Obama Nominates Three|for the D.C. Circuit

     WASHINGTON (CN) – President Obama on Tuesday nominated three attorneys to vacant seats on the U.S. Court of Appeals for the District of Columbia, for the first time directly challenging Republicans who have refused to schedule votes for his judicial nominations.
     The president nominated Patricia Millet, Nina Pillard and Robert Wilkins for vacancies on what is often called the nation’s second most-important court.
     The president on Tuesday finally called out Republicans who have refused to fill judicial vacancies for years.
     “This is not about principled opposition,” Obama said in the Rose Garden Tuesday morning. “This is about political obstruction.
     Eighty-one federal judgeships are vacant: 65 in U.S. District Courts and 16 on federal appeals courts. Republicans for years have refused to call votes on Obama’s judicial nominations and the president has not made an issue of it, until Tuesday.
     In response, Sen. Charles Grassley, an Iowa Republican who is his party’s senior member of the Senate Judiciary, accused the president of “packing the D.C. Circuit.”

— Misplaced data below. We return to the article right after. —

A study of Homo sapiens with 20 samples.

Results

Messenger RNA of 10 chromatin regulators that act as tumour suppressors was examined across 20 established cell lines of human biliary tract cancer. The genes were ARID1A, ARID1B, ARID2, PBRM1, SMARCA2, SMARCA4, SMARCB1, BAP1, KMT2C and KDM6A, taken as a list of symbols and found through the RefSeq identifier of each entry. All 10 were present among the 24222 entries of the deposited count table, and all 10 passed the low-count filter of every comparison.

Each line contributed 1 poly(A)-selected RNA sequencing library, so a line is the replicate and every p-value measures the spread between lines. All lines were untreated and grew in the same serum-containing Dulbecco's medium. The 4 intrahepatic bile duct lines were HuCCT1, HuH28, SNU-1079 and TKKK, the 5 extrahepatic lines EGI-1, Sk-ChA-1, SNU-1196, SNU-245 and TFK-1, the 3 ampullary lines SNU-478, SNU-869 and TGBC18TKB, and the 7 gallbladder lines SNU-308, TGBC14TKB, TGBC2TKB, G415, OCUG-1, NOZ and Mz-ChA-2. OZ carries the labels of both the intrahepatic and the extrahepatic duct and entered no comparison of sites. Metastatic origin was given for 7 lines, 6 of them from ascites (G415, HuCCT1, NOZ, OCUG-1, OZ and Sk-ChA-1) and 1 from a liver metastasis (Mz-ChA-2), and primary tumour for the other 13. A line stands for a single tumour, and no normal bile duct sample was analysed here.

Millet worked in the Solicitor General’s Office for 11 years, under Democratic and Republican presidents.
     Pillard, a Georgetown law professor, has had two jobs for the Department of Justice and was an attorney for the NAACP Legal Defense and Education Fund. She successfully defended the Family and Medical Leave Act before the U.S. Supreme Court.
     Obama nominated Wilkins to D.C. District bench in 2010 and the Senate confirmed him without opposition. He spent 10 years as a public defender in Washington, D.C.
     The White House posted the president’s remarks on its website.